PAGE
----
Classics for Pleasure

Washington Post book critic and Pultizer Prize winner states his intention plainly: he wants to introduce readers to great works of literature that will give them pleasure. And in his aptly titled new book he does so with great gusto and aplomb. That alone separates him from most academic writers, while his sense of "classic" is also a far cry from what you might expect, since Dirda displays a genuine love of so-called genre fiction -- the everyday magic of Frances Hodgson Burnett, the cracked visions of Philip K. Dick, and the creepy forebodings of M. R. James. A self-confessed "passionate reader," as he's demonstrated in a number of previous books as well, Dirda once again surveys an amazing range of literary works: from poets (Pope, Pound, Ovid) to philosophers (Heraclitus, Spinoza, Kierkegaard), with a few playwrights (Marlowe and Webster) thrown in for good measure. Dirda's breadth of vision will humble even the most voracious readers, who are certain to meet some unfamiliar faces in this crowd, which includes Abolqasem Ferdowsi, Marie-Madeleine de La Fayette, and Girolamo Cardano, to name just a few. Better yet, Dirda reminds us of why we treasure the authors we do -- he celebrates the "civilized amusements" of Max Beerbohm, the "heartbreakingly pure voice" of Sappho, and the "grave and august power" of the Beowulf poet. Dirda's generous aesthetic spans writers as different as the genial Erasmus and the misanthropic Louis-Ferdinand C‚line: he admires both the complex prose of Cicero and the clean narratives of Dashiell Hammett. In short, Dirda's a critic of Whitmanic proportions: he contains multitudes. -Thomas DePietro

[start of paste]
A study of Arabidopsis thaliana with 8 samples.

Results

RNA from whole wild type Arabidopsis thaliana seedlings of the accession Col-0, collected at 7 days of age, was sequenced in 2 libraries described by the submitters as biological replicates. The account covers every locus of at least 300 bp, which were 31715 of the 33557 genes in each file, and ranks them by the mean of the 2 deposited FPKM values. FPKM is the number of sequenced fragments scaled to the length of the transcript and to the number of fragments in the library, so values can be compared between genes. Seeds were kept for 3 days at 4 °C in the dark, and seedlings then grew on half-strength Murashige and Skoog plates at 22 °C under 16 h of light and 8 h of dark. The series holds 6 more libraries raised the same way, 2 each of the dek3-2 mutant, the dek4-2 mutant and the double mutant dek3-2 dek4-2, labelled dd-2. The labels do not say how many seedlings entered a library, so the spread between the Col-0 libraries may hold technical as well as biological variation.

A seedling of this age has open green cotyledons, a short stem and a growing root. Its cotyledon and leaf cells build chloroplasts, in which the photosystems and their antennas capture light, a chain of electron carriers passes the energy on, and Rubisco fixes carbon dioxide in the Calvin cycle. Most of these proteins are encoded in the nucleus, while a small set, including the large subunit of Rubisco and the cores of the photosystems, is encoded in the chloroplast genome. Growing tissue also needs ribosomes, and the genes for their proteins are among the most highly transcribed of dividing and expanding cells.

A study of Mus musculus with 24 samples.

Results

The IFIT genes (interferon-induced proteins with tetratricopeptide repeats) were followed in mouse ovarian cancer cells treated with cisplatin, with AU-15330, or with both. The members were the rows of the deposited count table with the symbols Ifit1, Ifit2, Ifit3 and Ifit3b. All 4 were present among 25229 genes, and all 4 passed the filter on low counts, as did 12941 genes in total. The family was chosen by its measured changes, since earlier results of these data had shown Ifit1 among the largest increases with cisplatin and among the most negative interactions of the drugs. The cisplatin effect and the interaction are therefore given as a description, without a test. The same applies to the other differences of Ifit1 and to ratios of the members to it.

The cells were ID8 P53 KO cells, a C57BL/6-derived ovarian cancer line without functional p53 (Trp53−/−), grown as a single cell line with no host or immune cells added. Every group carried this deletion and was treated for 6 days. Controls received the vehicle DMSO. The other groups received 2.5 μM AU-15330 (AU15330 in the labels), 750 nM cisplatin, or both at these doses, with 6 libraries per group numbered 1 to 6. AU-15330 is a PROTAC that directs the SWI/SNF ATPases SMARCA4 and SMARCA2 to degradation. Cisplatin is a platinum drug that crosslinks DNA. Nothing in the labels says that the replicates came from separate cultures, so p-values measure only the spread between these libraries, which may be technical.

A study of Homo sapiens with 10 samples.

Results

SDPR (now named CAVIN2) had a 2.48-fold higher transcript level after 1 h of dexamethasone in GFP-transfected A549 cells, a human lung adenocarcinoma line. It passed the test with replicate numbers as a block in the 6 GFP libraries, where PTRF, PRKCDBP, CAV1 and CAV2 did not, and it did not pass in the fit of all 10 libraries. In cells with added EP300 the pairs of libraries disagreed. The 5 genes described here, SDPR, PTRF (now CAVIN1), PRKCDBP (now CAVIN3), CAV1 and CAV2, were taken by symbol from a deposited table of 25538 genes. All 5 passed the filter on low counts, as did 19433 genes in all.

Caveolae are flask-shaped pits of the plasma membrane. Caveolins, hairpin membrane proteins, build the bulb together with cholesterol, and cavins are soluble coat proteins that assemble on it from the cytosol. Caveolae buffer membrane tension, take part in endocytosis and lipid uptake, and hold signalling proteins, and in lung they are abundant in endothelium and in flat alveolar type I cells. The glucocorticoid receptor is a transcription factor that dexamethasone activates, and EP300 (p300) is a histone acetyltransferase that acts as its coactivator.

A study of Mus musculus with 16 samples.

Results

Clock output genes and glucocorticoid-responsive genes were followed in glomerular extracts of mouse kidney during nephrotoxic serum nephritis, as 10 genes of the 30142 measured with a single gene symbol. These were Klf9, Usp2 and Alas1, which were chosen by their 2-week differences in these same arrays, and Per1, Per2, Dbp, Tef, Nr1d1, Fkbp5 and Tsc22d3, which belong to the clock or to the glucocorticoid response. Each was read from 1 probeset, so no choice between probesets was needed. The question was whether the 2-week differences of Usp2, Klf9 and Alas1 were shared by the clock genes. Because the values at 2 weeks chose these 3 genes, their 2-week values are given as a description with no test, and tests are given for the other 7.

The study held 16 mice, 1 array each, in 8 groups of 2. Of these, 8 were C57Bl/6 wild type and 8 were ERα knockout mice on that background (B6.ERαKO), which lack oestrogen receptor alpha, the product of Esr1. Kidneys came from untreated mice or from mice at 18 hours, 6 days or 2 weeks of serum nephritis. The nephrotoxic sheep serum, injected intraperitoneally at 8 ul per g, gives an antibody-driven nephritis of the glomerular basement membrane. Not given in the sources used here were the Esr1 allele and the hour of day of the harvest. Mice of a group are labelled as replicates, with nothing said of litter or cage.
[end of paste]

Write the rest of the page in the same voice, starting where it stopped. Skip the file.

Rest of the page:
July 26: On this day in 1602 "A booke called the Revenge of Hamlett Prince Denmarke" was entered in the Stationers' Register by printer James Robertes.

Crime fiction legends Dennis Lehane and Michael Connelly discuss the new book that unites their beloved sleuths Patrick Kenzie and Harry Bosch.


The Hundred-Year House

When a poetry scholar goes digging through the decrepit estate of his wife's family to uncover a bygone arts colony's strange mysteries, he awakens a tenacious monster: his mother-in-law. A wickedly funny take on aging aristocracies from author Rebecca Makkai (The Borrower).